The thing that bothered me about Alden Ehrenreich playing Han Solo in Solo (i.e., zero resemblance between himself and Harrison Ford) is the same thing bothering me about 81-year-old Billy Dee Williams returning to plan Lando Calrissian in J.J. Abrams‘ Star Wars Episode IX flick — i.e., zero resemblance to Solo‘s Donald Glover.
I realize that prequels like Solo can’t hope to fully blend with the sequel trio — they’re parallel universes with their own biological compositions– but all these films have been produced by Disney and Kathy Kennedy, and after watching Solo I feel as if I’ve made an investment in Glover-as-Calrissian. But when Episode IX comes out I’ll be back with the old Lando again. And I don’t like it. Glover is 21st Century cool but Williams is the original cool so who’s da man?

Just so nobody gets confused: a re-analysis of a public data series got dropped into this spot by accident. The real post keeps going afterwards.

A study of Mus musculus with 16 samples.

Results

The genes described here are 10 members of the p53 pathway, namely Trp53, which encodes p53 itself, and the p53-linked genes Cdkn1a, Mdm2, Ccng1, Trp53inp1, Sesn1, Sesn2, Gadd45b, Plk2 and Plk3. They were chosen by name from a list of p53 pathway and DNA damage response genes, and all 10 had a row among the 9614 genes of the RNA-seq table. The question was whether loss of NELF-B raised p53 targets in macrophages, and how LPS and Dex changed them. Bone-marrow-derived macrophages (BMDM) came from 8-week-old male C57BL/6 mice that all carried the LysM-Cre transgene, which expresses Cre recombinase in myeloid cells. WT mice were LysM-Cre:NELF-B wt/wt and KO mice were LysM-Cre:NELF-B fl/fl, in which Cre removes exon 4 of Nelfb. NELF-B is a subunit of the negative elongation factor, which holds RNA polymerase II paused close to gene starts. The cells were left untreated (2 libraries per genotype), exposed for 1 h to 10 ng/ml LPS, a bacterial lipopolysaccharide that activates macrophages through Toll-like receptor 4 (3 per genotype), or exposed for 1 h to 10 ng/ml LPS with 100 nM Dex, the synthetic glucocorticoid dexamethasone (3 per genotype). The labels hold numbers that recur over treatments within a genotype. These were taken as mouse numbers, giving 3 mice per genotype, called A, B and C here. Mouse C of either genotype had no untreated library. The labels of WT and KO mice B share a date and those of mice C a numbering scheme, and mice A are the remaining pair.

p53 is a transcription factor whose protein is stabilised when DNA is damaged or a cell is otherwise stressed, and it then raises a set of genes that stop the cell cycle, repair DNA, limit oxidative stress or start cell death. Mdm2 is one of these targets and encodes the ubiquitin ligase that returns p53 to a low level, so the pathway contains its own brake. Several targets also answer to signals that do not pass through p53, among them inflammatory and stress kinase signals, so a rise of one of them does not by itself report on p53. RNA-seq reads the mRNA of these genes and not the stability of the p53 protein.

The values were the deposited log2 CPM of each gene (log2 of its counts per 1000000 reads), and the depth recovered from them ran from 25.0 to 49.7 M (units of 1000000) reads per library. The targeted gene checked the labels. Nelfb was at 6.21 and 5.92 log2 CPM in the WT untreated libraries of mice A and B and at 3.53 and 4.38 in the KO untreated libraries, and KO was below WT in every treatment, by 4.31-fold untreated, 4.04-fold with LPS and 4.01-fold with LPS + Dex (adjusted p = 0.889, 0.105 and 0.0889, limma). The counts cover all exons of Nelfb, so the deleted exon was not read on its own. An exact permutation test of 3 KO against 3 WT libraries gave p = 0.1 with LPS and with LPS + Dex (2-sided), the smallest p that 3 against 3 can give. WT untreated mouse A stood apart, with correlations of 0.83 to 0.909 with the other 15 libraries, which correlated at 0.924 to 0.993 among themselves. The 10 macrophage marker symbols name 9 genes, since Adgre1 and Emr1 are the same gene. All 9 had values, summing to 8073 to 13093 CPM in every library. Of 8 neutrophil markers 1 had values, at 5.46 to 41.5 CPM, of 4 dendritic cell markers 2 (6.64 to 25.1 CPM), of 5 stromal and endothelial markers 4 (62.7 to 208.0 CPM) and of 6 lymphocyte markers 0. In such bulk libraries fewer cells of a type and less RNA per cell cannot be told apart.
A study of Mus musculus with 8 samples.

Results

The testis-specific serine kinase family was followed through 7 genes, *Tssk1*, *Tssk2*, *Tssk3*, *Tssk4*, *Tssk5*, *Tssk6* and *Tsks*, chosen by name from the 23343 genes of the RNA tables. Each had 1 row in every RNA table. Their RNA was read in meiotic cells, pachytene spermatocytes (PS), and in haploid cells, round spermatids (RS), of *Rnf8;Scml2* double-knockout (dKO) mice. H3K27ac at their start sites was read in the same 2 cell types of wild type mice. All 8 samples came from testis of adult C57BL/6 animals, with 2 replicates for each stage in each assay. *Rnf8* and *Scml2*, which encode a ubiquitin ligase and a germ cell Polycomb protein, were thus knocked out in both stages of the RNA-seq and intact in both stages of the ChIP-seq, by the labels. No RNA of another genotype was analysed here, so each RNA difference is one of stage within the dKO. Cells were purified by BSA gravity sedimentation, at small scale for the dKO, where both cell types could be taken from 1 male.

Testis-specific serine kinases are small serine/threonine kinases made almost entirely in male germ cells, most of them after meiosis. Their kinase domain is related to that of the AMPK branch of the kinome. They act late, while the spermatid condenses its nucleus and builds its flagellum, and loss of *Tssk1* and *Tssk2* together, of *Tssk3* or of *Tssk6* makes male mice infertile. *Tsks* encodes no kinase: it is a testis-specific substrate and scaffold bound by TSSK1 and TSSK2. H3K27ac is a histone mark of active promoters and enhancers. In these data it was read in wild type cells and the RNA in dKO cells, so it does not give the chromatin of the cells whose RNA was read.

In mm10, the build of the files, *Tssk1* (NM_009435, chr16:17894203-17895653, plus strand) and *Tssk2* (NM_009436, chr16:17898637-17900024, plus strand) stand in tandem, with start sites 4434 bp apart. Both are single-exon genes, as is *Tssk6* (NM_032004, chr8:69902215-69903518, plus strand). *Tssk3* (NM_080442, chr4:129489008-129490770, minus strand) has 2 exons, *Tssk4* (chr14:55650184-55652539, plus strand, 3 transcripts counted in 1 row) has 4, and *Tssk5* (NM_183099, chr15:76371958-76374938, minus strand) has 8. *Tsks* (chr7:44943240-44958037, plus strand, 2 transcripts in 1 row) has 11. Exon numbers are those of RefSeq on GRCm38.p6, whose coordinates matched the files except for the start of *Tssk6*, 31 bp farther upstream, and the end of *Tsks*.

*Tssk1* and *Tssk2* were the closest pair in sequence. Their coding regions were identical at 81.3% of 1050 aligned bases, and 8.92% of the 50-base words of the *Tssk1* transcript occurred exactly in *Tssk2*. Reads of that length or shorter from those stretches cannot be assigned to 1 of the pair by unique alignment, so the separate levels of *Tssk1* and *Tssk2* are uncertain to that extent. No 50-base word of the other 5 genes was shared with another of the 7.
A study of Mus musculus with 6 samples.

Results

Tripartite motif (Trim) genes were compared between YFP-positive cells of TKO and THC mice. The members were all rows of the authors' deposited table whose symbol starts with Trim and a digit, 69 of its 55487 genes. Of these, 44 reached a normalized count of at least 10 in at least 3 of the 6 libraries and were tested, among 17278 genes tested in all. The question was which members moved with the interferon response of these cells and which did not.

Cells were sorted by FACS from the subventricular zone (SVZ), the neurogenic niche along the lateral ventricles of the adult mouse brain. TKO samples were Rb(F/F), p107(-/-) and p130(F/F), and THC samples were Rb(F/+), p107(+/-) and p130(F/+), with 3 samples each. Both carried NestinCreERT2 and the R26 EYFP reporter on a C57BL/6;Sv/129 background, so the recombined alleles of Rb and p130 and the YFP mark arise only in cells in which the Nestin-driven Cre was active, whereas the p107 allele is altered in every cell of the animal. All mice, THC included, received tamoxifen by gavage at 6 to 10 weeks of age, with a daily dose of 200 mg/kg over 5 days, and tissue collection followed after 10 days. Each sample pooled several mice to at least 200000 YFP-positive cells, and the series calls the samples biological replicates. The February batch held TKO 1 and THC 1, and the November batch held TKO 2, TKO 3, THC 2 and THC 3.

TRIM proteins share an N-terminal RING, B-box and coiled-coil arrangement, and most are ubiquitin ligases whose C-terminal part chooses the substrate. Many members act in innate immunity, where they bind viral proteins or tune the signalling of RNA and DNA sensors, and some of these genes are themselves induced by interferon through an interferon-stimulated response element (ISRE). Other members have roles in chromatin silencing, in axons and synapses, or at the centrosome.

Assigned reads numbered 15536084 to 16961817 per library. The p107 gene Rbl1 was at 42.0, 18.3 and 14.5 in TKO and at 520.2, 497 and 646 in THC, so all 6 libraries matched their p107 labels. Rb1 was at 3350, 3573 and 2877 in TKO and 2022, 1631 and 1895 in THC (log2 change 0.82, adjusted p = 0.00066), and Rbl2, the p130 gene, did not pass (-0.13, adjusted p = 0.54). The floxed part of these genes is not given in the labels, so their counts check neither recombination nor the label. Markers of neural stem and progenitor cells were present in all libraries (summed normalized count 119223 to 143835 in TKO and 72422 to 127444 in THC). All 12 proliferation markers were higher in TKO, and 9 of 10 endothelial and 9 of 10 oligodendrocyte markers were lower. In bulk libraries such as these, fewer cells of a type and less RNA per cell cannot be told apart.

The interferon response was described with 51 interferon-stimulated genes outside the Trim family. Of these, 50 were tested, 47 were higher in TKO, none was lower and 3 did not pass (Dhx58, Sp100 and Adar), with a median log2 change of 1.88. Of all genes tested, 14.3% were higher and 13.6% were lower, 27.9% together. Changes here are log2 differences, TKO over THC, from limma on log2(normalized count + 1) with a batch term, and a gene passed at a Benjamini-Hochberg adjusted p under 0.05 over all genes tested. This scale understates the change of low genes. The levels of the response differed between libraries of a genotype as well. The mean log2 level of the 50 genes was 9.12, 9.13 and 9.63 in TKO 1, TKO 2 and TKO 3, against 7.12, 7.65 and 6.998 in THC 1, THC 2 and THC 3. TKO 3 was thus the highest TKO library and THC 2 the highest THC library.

From Ben Childs’ 7.11 Guardian piece: “The fear is that Disney-owned Lucasfilm is only wheeling out the 81-year-old [Williams] because it desperately needs original-trilogy cachet, and has exhausted the potential to cast Ford, Hamill or Fisher in yet another episode.
“Cynics will also complain that Williams ought to have been front and center in Abrams’ earlier effort, The Force Awakens, when he might have been paired successfully with his old buddy Han. But Lucasfilm has made a habit of keeping its classic cast apart in the new era, as if too much of a good thing might overwhelm us. Perhaps the idea is to retain the focus on fresher faces such as Daisy Ridley’s Rey and John Boyega’s Finn, so it is probably fair to say that the ploy has proved successful.
more or less.”
By the way: I’m not entirely sure if Luke Skywalker really and truly died at the end of The Last Jedi. He did, I know, but did he? I so hated the fact that Luke never left Ahch-To throughout the whole film, and that he died on Ach-To after the final confrontation with Kylo Ren even though he wasn’t actually fighting anyone — his “force projection” was. God, I hated that ending.